Being in a persistent state of heightened alertness is how anxiety is defined. Elevated alertness is a good thing when there’s danger but some individuals get stuck in a constant state of alertness even when they aren’t in any peril. Instead of feeling anxious before a big job interview, you could be simmering with dread while cooking dinner or calling a friend. Your day-to-day life becomes an emotional battle, and everything seems more daunting than it should.
For other people, anxiety can have more than an emotional impact – the symptoms may become physical. Dizziness, insomnia, nausea, and heart palpitations are some of the physical symptoms. Some people begin to feel a growing sense of anxiety as their hearing declines while others struggle with some amount of anxiety all their lives.
Unlike some aging issues which come out of nowhere, hearing loss tends to sneak up on you until one day your hearing specialist informs you that you need a hearing aid. This should be a lot like learning you need glasses, but failing vision typically doesn’t cause the same level of anxiety that hearing loss does. It can occur even if you’ve never experienced serious anxiety before. Hearing loss can make it even worse for individuals who already suffer from depression or anxiety.
What Did You Say?
Hearing loss produces new worries: Did I mishear that price? How many times can I say “huh”? If I continuously ask people to repeat themselves, will they start to get annoyed with me? Will my children still call? When day-to-day activities become stressful, anxiety escalates and this is a common response. If you’ve stopped invitations to dinner or bigger gatherings, you may want to evaluate why. If you’re truthful with yourself, you might be turning down invites as a way to avoid the anxiety of straining to hear conversations. While this could help in the short-term, in the long-term, you will grow more isolated, which will lead to increased anxiety.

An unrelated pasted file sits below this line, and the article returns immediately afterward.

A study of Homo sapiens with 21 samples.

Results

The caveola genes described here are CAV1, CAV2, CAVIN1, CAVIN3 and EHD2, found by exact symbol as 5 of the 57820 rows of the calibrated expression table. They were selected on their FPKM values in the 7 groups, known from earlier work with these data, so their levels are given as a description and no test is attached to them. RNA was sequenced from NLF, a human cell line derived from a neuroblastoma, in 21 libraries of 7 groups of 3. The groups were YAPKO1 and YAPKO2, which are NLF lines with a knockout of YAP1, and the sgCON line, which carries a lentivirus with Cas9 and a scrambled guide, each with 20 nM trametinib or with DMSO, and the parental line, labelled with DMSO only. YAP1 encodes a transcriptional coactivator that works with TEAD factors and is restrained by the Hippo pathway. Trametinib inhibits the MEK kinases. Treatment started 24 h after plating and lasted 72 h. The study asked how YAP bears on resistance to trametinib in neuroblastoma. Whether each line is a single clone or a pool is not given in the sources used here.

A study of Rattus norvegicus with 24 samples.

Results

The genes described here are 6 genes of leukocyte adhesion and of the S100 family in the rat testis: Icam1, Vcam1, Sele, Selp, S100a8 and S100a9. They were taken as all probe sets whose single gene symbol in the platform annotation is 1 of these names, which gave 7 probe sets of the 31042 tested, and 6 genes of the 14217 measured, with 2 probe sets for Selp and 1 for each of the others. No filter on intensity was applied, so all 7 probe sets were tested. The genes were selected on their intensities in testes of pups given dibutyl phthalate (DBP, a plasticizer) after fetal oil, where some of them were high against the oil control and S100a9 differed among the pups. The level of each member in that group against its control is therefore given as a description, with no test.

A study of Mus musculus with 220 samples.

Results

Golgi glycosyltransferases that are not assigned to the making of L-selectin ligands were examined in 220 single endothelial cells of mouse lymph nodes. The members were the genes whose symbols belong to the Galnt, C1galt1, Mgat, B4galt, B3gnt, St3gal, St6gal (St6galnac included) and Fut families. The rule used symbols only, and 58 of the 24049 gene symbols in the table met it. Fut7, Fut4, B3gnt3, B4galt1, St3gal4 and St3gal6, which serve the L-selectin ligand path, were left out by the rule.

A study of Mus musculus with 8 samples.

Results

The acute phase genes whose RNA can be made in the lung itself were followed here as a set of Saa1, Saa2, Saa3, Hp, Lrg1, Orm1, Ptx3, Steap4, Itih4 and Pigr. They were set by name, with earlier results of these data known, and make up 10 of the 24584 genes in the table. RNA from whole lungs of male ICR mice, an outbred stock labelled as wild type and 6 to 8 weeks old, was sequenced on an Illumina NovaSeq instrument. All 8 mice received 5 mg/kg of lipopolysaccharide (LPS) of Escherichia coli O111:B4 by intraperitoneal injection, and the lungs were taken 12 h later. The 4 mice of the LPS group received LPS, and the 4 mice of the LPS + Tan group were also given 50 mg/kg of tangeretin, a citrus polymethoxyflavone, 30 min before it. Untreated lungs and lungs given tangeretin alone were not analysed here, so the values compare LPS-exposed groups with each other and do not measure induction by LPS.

Am I Alone?
Others are also going through this. It’s increasingly common for people to have anxiety. About 18% of the population copes with an anxiety condition. Hearing loss, particularly when ignored, raises the probability of being diagnosed with an anxiety condition according to recent research. It may work the opposite way too. Some research has shown that anxiety increases your chances of suffering from hearing loss. Considering how manageable anxiety and hearing loss are, it’s unfortunate so many individuals continue to suffer from both needlessly.
What Are The Treatment Choices?
If your anxiety is a result of hearing loss you should come in to be fitted for a hearing aid. Don’t put it off until your next check-up, especially if you’ve noticed a sudden change in your hearing. Hearing aids minimize embarrassment in social situations by preventing miscommunication which reduces anxiety.
At first your anxiety may increase somewhat as a result of the learning curve that comes with hearing aids. It can take weeks to learn the basics of hearing aids and get used to using them. So, don’t get frustrated if you struggle with them at first. If you’re currently wearing hearing aids and still find yourself coping with anxiety, don’t hesitate to contact your doctor. There are numerous methods to manage anxiety, and your doctor might suggest lifestyle changes like additional exercise, to benefit your individual situation.